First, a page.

Success! Japanese Spacecraft Arrives at Venus 5 Years After 1st Try
Venus as captured by the Akatsuki spacecraft's Ultraviolet Imager instrument on Dec. 6, 2015, from a distance of about 44,700 miles (72,000 kilometers).
Credit: JAXA

A Japanese Venus probe took advantage of its long-awaited second chance.

Japan's Akatsuki spacecraft has arrived in orbit around Venus, five years after an engine failure scuttled its first attempt, Japanese Aerospace Exploration Agency (JAXA) officials announced today (Dec. 9).

The $300 million Akatsuki mission launched in May 2010 along with JAXA's IKAROS (Interplanetary Kite-craft Accelerated by Radiation Of the Sun) spacecraft, which became the first probe ever to deploy and use a solar sail in interplanetary space. [See photos of Venus and IKAROS from Japan's Akatsuki]

Venus as seen by the Akatsuki probe's 1-Micron Camera on Dec. 6, 2015, from a distance of 42,250 miles (68,000 km).
Venus as seen by the Akatsuki probe's 1-Micron Camera on Dec. 6, 2015, from a distance of 42,250 miles (68,000 km).
Credit: JAXA

Akatsuki was originally supposed to enter Venus orbit on Dec. 6, 2010, then study the planet's clouds, weather and atmosphere from above for at least two years to learn more about how the world became so hot and seemingly inhospitable to life. But the spacecraft's main engine conked out during a crucial orbit-insertion burn, and Akatsuki went zooming off into space.

The spacecraft — whose name means "Dawn" in Japanese — had been circling the sun for five years, waiting for another shot at Venus. That shot came exactly five years to the day after the first opportunity.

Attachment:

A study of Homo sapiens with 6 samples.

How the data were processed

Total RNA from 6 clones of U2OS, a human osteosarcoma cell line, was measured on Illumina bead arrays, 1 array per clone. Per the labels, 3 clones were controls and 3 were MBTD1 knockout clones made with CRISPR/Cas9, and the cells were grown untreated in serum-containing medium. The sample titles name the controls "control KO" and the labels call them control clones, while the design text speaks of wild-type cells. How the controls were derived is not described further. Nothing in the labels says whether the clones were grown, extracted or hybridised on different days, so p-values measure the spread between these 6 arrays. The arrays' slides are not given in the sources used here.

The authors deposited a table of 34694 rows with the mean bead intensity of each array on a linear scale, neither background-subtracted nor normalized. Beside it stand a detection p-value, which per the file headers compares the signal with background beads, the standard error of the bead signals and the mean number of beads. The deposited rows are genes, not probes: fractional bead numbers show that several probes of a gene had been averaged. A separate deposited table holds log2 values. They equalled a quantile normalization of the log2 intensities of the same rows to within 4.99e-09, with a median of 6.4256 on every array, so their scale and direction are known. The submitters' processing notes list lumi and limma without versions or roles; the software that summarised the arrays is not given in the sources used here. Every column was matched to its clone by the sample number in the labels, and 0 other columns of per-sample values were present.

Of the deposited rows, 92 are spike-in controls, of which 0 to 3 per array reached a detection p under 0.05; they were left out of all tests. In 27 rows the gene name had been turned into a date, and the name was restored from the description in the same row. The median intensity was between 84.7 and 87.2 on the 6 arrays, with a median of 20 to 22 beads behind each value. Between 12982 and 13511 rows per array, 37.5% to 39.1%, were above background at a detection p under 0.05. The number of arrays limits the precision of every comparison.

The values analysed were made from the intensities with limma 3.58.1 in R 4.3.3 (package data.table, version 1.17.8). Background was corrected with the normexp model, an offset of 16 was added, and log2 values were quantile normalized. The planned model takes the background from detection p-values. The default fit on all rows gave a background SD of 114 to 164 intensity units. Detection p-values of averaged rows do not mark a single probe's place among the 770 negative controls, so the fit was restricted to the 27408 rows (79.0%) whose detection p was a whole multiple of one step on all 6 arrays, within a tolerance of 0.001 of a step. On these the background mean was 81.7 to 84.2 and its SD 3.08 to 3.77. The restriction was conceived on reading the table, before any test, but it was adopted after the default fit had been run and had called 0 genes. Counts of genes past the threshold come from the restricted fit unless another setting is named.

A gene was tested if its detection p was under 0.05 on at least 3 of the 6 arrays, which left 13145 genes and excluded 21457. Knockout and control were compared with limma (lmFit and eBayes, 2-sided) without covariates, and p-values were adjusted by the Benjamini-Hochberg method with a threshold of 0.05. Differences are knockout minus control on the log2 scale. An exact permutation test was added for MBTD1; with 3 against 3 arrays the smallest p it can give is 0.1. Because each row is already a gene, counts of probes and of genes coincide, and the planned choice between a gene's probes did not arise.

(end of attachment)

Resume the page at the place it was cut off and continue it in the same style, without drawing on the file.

On Sunday (Dec. 6), Akatsuki fired its small attittude-control thrusters for 20 minutes to achieve Venus orbit (its main engine was pronounced dead long ago). After a few days of calculations and computations, mission controllers have now determined that the maneuver worked.

Diagram showing the orbit of Japan's Akatsuki spacecraft, which arrived at Venus on Dec. 6, 2015.
Diagram showing the orbit of Japan's Akatsuki spacecraft, which arrived at Venus on Dec. 6, 2015.
Credit: JAXA

"The orbit period is 13 days and 14 hours. We also found that the orbiter is flying in the same direction as that of Venus's rotation," JAXA officials wrote in a statement today. "The Akatsuki is in good health."

Akatsuki's current path takes it as close as 250 miles (400 kilometers) to Venus, and as far away as 273,000 miles (440,000 km), officials added. This orbit is much more elliptical than the one Akatsuki was supposed to achieve five years ago, which featured a period of 30 hours and an apoapsis (most distant point from Venus) of 50,000 miles (80,000 km) or so.

Akatsuki's handlers will soon deploy and test three of the probe's six instruments, to make sure they're working properly — the other three are already known to be in good condition — and then conduct initial observations with all of this scientific gear for about three months, JAXA officials said.

At the same time, Akatsuki will maneuver to a less-elliptical final science orbit with a period of about nine days and an apoapsis around 193,000 miles (310,000 km). The probe should achieve that orbit, and commence regular operations, by April 2016.

Despite the long delay, the drama and the highly elliptical orbit, Akatsuki should still be able to accomplish most of its science goals, JAXA officials have said.

Akatsuki is the second interplanetary mission in Japan's history. The country's first, the Nozomi Mars probe, failed to arrive as planned at the Red Planet in 2003. In 2007, Japan's Kaguya orbiter successfully launched to the moon to study the lunar surface from orbit. Kaguya's mission ended in 2009 and it ultimately crashed into the moon's surface.